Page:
Proposed Tax Could Hurt Retirement and College Savers

Even outside of saving for retirement or a college education, an investor’s ability to save for any future goal is drastically diminished by the proposed financial transaction tax in Senate bill S. 1587, Vanguard says. 

Modern Markets Initiative (MMI), an education advocacy organization devoted to the role of technological innovation in creating the world’s best markets, released a report about the economic impact of Senate bill S. 1587, the Inclusive Prosperity Act of 2019’s proposed financial transaction tax (FTT).

While politicians are looking at this as mainly a tax on big Wall Street Investors, MMI CEO Kirsten Wegner says it “is in reality, a severe retirement tax on American savers from all income levels.”

MMI’s analysis shows any transaction tax would drastically harm institutions trading large volumes of securities such as pension funds, mutual funds and other institutional investors that directly represent the financial interests of American workers, as well as average Main Street investors with defined contribution (DC) retirement or 529 College Savings accounts.

MMI found the financial implications for average American savers include:

  • $19 million in annual FTT on 529 College Savings plans, or the equivalent of a year of full in-state tuition for 1,900 students at a public university;
  • $24 million in annual FTT for a single public university endowment with $20 billion AUM, or the equivalent of 3,227 college scholarship in a given year;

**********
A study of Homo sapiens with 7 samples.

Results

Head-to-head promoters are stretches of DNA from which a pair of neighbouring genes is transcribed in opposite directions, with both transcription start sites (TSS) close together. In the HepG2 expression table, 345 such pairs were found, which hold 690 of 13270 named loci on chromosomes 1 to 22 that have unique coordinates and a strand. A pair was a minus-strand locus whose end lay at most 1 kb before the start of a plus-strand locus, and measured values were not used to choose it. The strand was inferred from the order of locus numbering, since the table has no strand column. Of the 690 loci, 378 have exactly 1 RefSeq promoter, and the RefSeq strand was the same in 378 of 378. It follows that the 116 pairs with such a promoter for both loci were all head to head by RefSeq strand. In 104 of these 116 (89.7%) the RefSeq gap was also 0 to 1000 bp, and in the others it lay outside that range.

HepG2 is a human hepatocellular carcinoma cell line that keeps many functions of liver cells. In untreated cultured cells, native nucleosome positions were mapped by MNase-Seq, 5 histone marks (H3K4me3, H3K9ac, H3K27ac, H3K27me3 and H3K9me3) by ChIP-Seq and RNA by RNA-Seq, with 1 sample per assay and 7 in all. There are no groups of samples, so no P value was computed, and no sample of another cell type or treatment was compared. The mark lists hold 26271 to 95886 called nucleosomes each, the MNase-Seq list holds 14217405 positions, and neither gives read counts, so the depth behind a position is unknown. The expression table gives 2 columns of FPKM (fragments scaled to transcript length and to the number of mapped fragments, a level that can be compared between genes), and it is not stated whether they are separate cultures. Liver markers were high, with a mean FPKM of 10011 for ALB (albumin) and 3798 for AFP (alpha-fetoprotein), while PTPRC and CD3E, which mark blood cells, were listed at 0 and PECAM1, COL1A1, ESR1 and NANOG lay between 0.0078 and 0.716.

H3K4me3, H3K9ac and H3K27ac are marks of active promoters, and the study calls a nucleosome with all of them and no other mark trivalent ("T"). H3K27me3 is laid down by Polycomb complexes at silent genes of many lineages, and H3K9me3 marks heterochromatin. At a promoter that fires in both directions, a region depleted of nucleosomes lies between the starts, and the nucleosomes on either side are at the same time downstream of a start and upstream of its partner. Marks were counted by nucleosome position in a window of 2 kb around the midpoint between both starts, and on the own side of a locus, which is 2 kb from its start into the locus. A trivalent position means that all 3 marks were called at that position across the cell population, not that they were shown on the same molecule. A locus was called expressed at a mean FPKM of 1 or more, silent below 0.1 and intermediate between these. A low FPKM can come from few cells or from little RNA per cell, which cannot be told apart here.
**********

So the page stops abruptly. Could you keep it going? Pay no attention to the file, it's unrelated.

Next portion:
• $64,232 in annual FTT over the lifetime of a 401(k) account, or the equivalent of delaying the average individual’s retirement by two years; and,
  • $132 million in annual FTT for the typical state public pension plan with more than $68 billion in assets under management.

Similarly, Vanguard found the proposed tax would require the everyday investor to work roughly two-and-a-half years longer before retiring in order to reach the same retirement savings goals achievable without the tax. The tax would make saving for college more difficult as well. Families could take on debt to make up the difference, with a $7,800 student loan. Or, parents would need to save roughly an additional $250 per year, per child, to achieve the same balance in a college savings account.

“Even outside of saving for retirement or a college education, an investor’s ability to save for any future goal is drastically diminished by the proposed tax,” Vanguard says. It shows that the ending value of an investment of $10,000 in a small-capitalization active equity fund would be reduced by roughly 19% with the proposed tax, after 20 years.

According to Vanguard, the experience of other countries—particularly in Europe—have shown that FTTs distort capital markets. FTTs generally increase risk in the financial system by hurting market liquidity, producing volatility, increasing bid-ask spreads, encouraging financial engineering, and raising costs of capital.

At the same time, FTTs have consistently failed to deliver the promised tax revenues because FTTs shift financial activity to less-regulated markets. For example, Vanguard says, France and Italy did not raise even half the first-year revenue they had projected from the FTTs they enacted in 2012 and 2013, respectively.